Over the years I've started a small handful of Internet/software projects/companies. Examples include Mailinator, Preemptive Solutions, Inc., and Classhat. Actually, I've started a large handful but no one knows about most of them because they were (in no particular order): dumb ideas, unsuccessful, too hard for me to complete. Given that I now rate any new idea I get according to a set of rules that helps me filter out good ideas from bad. At least, whatever I consider bad. Keep in mind these rules are for the canonical one or 2-person pre-startup - if you have 8million in VC, there's a lot of other magic you can do.
Here they are:
1) If there is no business model, its a hobby, not an idea. I love compiler optimizations. I wrote a Java optimizer soon after Java came out. I spent months trying to figure out how to turn it into a business. But guess what, people don't pay for optimizers, or compilers, or even runtimes. At least not without a strong sales team telling they need that. By and large most ideas I get are about things that I'd love to work on but have no real business model (ala my Classhat project took several years and is, absolutely, a hobby). There's nothing wrong with hobbies, as long as you know what they are.
2) The best ideas make your customers money. If your idea can say "If a customer uses our product, they will make X% more money" (where X is a positive number, even if quite small) - you have won the game. Importantly - I did not say the customer will save X% more money. I said they'll make it. That's a big difference. Saving money is great, but you are then faced with the mission of convincing your customer that if they spend $100k on your product now, it will pay itself back in 8 months. It's way way way easier to say "Use our product and you make 2% more money (of which we get a cut). Don't use it, and don't." Who wouldn't buy that?
3) The best place to be that I know of is B2B2C. That is, you want to be a business that serves businesses that serve consumers. If you're B2C, then welcome to some important challenges. One is to get people to pay for your stuff, which in this Internet world, we're not all that happy about doing. Secondly, welcome to support hell. Its very hard to provide consumer support (and you see many complaints across the net). It takes a lot of support people and a lot of money to do it right, which is why it rarely is. If your idea plans to charge consumers, I'd definitely think twice unless you can ramp up a support system fast. Thirdly, you'll need a powerful infrastructure (apart from support) just to handle large numbers of small transactions. Its harder to sell 1000 $10 widgets than 10 $1000 ones.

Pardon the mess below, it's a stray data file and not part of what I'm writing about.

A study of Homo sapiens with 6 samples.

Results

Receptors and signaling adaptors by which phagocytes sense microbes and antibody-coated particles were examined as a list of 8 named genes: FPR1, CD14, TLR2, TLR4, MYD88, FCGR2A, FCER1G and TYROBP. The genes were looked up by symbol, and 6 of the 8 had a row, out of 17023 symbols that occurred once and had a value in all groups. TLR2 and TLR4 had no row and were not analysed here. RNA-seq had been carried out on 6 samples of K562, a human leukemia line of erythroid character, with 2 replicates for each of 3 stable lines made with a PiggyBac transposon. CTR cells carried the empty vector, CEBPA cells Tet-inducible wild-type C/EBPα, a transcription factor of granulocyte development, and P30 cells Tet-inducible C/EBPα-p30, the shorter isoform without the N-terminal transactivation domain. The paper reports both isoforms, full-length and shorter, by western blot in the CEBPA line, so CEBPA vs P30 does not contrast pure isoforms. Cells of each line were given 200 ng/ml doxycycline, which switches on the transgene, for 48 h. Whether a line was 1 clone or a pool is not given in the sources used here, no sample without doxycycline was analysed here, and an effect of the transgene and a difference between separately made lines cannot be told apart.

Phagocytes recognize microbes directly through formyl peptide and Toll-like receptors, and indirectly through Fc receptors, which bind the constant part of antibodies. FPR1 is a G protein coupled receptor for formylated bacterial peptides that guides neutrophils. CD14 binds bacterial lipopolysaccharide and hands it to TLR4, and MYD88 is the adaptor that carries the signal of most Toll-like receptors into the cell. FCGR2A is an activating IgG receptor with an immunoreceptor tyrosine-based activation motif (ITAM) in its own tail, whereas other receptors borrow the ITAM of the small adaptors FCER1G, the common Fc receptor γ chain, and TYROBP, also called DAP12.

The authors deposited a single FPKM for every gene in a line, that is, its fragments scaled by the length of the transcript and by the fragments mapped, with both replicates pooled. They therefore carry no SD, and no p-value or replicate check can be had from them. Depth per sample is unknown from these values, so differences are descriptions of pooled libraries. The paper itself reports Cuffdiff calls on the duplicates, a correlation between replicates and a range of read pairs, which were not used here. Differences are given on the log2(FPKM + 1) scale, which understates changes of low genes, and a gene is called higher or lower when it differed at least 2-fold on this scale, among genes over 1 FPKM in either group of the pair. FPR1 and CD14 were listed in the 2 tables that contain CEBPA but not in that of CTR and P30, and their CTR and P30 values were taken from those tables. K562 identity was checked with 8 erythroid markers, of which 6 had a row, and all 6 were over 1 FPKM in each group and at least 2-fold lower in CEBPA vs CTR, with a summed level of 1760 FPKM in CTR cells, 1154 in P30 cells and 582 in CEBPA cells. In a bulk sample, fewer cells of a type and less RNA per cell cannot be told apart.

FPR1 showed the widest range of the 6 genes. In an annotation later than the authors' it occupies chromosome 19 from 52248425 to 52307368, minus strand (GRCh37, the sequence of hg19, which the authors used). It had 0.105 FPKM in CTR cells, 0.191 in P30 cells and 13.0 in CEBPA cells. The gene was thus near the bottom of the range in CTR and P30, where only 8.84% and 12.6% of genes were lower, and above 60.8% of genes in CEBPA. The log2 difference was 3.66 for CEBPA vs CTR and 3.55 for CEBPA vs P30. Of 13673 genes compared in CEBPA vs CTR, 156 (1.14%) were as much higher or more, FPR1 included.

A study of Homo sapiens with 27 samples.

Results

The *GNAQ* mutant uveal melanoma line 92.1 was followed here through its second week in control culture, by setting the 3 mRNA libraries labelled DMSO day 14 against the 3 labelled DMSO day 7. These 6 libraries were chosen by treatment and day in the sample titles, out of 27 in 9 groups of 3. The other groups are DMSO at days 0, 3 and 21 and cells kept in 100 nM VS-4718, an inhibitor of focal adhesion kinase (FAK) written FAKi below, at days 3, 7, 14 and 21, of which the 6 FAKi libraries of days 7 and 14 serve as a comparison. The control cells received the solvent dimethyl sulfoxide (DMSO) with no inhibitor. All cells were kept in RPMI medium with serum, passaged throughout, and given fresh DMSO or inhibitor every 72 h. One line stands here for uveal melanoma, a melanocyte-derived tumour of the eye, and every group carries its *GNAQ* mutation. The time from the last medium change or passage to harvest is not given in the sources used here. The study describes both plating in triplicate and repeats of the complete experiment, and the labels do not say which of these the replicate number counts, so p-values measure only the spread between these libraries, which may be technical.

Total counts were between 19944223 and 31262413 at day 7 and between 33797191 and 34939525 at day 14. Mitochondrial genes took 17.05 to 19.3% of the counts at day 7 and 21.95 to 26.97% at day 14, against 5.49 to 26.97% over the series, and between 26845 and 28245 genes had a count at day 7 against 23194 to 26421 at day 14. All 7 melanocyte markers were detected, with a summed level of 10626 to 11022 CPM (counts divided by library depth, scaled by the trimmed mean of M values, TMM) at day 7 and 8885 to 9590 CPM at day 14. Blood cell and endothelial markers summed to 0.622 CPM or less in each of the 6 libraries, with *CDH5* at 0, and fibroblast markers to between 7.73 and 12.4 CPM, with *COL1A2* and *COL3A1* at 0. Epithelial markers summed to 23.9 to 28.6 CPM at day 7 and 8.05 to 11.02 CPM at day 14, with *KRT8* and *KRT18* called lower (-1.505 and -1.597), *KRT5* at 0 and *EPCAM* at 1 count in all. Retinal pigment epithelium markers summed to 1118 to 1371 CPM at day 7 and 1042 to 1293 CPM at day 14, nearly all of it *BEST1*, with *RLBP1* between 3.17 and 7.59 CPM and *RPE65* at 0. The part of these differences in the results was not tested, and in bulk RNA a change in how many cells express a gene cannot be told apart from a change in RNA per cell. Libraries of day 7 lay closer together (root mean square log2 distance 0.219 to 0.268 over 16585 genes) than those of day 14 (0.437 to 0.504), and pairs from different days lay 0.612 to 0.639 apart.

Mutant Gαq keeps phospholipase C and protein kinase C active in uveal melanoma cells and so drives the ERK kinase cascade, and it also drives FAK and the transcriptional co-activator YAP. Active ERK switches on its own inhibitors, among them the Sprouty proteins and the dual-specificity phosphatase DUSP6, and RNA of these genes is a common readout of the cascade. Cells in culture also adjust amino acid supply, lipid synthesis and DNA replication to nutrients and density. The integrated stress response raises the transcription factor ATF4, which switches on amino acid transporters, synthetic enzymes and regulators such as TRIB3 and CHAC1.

On the other hand, if you're simply B2B, life isn't so bad. Big ticket sales but encompassing the market is harder. Sales cycles are long. Again, you might need a faster ramp-up of a sales and marketing infrastructure (which you are going to need eventually anyway), but you're probably ok if the idea is generally good.
4) If you're going B2C, look for revenue models that don't come right from the consumer. Given the last point you're probably thinking I'm crazy given things like youtube or myspace or facebook or google. I'm not (at least I don't think I am). All those places dodged the problems of providing support and tracking sales by giving away their services for free and making money on the backside (whatever that is). Often that's advertising revenue. Often its partnership deals. Simply put there absolutely is an Eyeball Business Model. If you can get the eyeballs, you can sell them. Just try to do that instead of charging them directly. They'll be ornery about it and demand support.
5) Revisit every bad idea every once in awhile. Why is AJAX hot? Because its enabling things technically that weren't enabled before. Are any of these mashups really novel ideas? Not usually. Old ideas become new again by new technology, faster computers, etc.
When the computer game Doom came out it included very little novel technology. All the 3D math and graphics tech had existed for years. The guys at ID were just the first ones to realize that personal computers (as opposed to graphics workstations) at the time had finally gotten powerful enough to do it all in realtime.
Every time bandwidth gets faster for cheaper, previously bad old ideas become new and shiny (e.g., video over the Internet). Mobile phones seem really ripe. Apps and usability currently sort of sucks. Thats really hampering a ton of uses. With every new advancement however, its going to open up new doors.
6) Do your best to create a system of recurring revenue. Advertising on websites and such is easy. But things like packaged software is hard. Why does Microsoft change the doc format every time it releases a new Microsoft Word. Surely it probably includes new features, but why can't old versions just ignore those and load the file (which is really text right?) anyway? Because they don't want it to. They want you to buy a new version of Word to get all the new features (even if you just write letters to your Aunt Edna and would never use them). They want recurring revenue.
Doing that with packaged software is harder and often somewhat transparently greedy. Heard of "software as a service"? That is of course, really, "software that we can just keep charging for". Bottom line is if tires, light bulbs, or razors never wore out, the economics of those businesses would be radically different. Getting more money from your customers (hopefully while providing value to justify it) is a good way to go.
If have an idea that follows #2 above (making your customer money), do your best to simply take a small cut. Small cuts add up and the customer has no risk in trying your product.
Edit: There is now a part TWO to this article.